The delirium that has possessed collectors of Chinese antiques is largely a reflection of new wealth. During the repressive Mao era of the mid-20th century, all but the most didactic art was denigrated, collecting was outlawed, and learning about the imperial past was illegal. Over the first half-century of Communist rule, the antiquities market was pretty much limited to a small pool of buyers in Hong Kong, Singapore, and Taiwan.
Around 2005, stateside auction houses began to see an increase in mainland buyers who had been absent due to limitations on travel and restrictions on the outflows of money. In the years since, access has widened and that small pool of Southeast Asian buyers has been engulfed by a vast ocean of freshly minted Chinese collectors and their freshly minted cash. According to the Boston Consulting Group, more than 1 million Chinese are now worth more than $1 million. And according to the latest Hurun Rich List, China’s version of the Forbes 400, more than half of the mainland’s 95 billionaires reached that plateau over the last few years.
Many got rich quick on the back of their country's huge export trade and construction boom. The new elite is eager to build collections quickly, even at a premium. Impatience helps account for the soaring prices. “Too many people are chasing too few goods,” says Lark Mason, an expert in Asian art who appears frequently on PBS’ Antiques Roadshow. “During the 1980s, ’90s, and into the new century, there was ample Chinese material available because there were not enough buyers to drive the prices up and create scarcity. Today, vastly more people are capable of and interested in buying, but there’s not enough material on the market to satisfy them.”
The appetite of Chinese collectors is so prodigious that rhinoceros-horn drinking cups—intricately carved ceremonial vessels that once sold for a few hundred dollars and contributed to the near-extinction of the animal—are now commanding hundreds of thousands of dollars. At a taping of Antiques Roadshow last July in Tulsa, Okla., Mason valued a set of late 17th- or early 18th-century rhino mugs at between $1 million and 1.5 million, the highest appraisal in the program’s history. The owner told Mason he had been collecting the cups since the ’70s and was clueless about their worth. “I was hoping the guy wouldn’t collapse,” Mason recalls.
Finds like that are why Chinese collectors aggressively troll Internet auction sites. “The market is such that if something is good, it’s not going to be missed,” says Bruce MacLaren, a Chinese-art specialist at Bonhams. “The market is too global, and too many people are paying attention because there’s a lot of money to be made.”
Some auction prices have been inflated by political protest bidding. Some of the wild price fluctuations at auctions have also resulted from the difficulty of nailing down the provenance of objects that were allegedly stolen from China centuries ago. Though there’s a long tradition of making and selling reproductions in the Middle Kingdom, in a nation where the stock exchange and real estate market are famously volatile, antiques are seen as one of the more stable investments. “The Chinese have a lot of American dollars,” Mason says. “Buying Chinese antiques helps to diversify their portfolios.”
The boom has benefited enormously from the Chinese love of gambling. A significant number of buyers are speculators, for whom bidding is a kind of hedged bet. “The Chinese really enjoy the auction process because of the competitiveness,” says Michelle Liao, owner and proprietor of an Asian antiques and textiles emporium in Philadelphia. “They think bidding is a great, exciting game. They want to win and discover things that no one else knows about. They want to make a noise, to shake things up, to stir fry.”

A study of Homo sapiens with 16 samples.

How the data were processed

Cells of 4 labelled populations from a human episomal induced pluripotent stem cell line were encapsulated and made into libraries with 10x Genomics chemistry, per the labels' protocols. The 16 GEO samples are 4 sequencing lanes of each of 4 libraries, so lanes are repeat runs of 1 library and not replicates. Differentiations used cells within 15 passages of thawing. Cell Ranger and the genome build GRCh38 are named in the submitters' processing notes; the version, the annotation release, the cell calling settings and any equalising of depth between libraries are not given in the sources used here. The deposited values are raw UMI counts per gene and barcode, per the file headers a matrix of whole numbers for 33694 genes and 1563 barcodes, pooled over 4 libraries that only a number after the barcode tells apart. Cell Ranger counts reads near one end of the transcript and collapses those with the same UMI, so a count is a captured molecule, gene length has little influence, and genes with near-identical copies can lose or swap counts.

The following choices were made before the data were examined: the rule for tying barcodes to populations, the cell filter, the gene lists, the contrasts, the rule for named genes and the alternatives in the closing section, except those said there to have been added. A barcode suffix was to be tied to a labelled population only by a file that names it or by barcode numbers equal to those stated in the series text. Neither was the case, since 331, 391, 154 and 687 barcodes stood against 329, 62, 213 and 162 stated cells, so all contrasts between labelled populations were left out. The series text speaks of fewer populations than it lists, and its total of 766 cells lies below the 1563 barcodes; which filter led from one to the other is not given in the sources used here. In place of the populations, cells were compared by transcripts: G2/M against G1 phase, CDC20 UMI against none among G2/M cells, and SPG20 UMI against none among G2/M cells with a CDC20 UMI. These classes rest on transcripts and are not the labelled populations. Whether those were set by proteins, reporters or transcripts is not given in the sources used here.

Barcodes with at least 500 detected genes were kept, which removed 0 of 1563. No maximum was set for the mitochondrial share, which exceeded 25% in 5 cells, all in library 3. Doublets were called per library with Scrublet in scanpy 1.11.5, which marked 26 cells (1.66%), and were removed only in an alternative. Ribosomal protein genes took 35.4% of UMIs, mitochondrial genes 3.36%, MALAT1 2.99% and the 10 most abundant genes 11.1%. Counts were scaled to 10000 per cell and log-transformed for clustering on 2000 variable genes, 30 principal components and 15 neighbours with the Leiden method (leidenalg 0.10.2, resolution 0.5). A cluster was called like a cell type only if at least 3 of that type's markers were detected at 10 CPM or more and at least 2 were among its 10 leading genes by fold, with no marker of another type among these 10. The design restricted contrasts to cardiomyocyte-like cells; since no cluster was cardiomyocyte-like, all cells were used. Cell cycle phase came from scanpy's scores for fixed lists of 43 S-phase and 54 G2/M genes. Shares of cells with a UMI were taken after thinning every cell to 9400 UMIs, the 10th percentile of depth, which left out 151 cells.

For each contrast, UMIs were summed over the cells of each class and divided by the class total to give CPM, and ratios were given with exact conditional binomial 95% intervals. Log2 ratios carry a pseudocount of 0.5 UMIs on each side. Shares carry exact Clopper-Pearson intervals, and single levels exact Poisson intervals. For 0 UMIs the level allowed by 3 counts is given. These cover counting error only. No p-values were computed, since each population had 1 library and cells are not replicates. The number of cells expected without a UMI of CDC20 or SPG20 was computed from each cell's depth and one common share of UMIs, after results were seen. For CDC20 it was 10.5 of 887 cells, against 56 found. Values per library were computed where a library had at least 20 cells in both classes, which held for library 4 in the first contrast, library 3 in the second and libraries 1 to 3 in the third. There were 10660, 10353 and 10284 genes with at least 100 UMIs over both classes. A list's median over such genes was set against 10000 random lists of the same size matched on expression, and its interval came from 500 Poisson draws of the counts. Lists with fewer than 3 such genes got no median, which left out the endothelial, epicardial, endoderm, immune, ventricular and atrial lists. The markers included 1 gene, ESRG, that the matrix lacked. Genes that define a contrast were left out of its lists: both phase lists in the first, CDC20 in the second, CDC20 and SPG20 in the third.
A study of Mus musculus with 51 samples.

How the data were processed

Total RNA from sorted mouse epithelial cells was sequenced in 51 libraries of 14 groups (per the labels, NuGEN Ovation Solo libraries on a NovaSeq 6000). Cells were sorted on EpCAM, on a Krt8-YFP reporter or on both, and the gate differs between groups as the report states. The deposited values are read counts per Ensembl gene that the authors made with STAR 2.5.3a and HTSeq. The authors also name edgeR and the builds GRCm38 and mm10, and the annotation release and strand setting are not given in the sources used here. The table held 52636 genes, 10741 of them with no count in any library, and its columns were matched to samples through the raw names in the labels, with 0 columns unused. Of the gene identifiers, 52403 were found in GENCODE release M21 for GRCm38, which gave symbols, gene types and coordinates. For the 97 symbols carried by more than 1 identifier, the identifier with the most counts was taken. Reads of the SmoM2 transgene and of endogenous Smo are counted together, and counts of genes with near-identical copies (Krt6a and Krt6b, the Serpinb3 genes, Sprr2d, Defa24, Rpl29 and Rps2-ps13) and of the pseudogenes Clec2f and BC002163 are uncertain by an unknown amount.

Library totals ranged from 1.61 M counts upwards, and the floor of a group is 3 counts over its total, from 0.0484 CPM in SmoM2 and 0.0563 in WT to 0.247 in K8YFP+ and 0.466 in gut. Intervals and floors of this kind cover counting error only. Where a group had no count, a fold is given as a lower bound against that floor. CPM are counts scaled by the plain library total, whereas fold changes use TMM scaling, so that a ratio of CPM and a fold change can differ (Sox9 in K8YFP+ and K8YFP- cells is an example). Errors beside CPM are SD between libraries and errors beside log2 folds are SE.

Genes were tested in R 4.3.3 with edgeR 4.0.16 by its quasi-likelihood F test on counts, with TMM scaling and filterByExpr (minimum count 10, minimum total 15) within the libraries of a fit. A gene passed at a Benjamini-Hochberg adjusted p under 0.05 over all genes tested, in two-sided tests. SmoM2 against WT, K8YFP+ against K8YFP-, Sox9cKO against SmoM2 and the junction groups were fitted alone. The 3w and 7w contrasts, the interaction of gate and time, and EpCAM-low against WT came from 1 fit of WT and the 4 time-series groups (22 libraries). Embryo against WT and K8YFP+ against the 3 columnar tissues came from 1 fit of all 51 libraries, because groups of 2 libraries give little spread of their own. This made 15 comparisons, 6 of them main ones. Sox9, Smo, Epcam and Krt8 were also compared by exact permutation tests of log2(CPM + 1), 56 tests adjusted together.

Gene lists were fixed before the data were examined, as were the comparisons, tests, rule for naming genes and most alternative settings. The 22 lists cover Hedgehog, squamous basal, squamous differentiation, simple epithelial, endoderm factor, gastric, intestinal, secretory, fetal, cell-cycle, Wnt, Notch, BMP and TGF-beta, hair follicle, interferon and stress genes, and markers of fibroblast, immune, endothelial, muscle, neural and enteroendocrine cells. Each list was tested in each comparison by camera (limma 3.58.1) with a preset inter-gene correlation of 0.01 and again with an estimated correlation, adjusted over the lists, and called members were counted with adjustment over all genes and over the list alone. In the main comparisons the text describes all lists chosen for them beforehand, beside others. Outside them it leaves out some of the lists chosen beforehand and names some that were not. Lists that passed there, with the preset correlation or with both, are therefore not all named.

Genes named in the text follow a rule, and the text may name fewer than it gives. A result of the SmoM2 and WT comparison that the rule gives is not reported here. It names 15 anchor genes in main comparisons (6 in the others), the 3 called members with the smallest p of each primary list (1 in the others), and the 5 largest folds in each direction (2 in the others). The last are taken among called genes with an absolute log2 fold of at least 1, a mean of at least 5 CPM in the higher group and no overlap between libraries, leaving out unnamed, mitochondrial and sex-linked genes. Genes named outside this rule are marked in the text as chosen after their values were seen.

Born in mainland China and raised comfortably in Taipei, Liao reigns over a realm of jade and ivory and silk like a dowager empress exiled out of her time. Since 1977, the high priests and priestesses of the fashion world—Ralph Lauren, Donna Karan, Calvin Klein—have made pilgrimages and sent emissaries to the Liao Collection, a cavernous space that you don’t so much walk into as wade through.
Among the bower bird's nest of Chinese treasures are ancient brush pots, flywhisks, cricket cages, beaded slippers, velvet scarves, bamboo vests, embroidered Shanxi baby shoes, and mahogany tansus. For several decades Liao went to her homeland on biannual buying junkets, sometimes venturing to the farthest reaches of the hinterlands. But the heirlooms she hunts for have become so expensive that she has cut back her expeditions to once a year.
“The dealers I used to buy from now sell mainly to buyers in China,” she says. “Demand for antiques is so tremendous over there that the wholesale cost is often higher than what I can retail them for in Philly. Yet as mind-blowing as the prices have become at Chinese-antiques auctions in the states, at least it’s still possible to get a steal. In China, those days are over.”
Liao says few Americans collect Chinese antiques on a grand scale anymore. Her Chinese clients tend to care more about rarity than quality, connoisseurship, or aesthetic appeal. “They are very, very picky,” she says. “They want stuff that’s Imperial, or could be. They’re only interested in furniture carved from four kinds of rosewood, all scarce. Especially zitan and huanghuali, the trees used for much of the interior decoration in the Forbidden City.”
Bruce MacLaren attributes the Imperial Craze to “the desire of many Chinese to own objects with a connection to status and power and authority.” For a populace so long silenced and oppressed, showy displays of prosperity can be liberating. And few prestige symbols are showier or more liberating than wares with imperial reign marks indicating that they were designated for palatial use. Imperial jade and porcelain, in particular, have considerable cachet.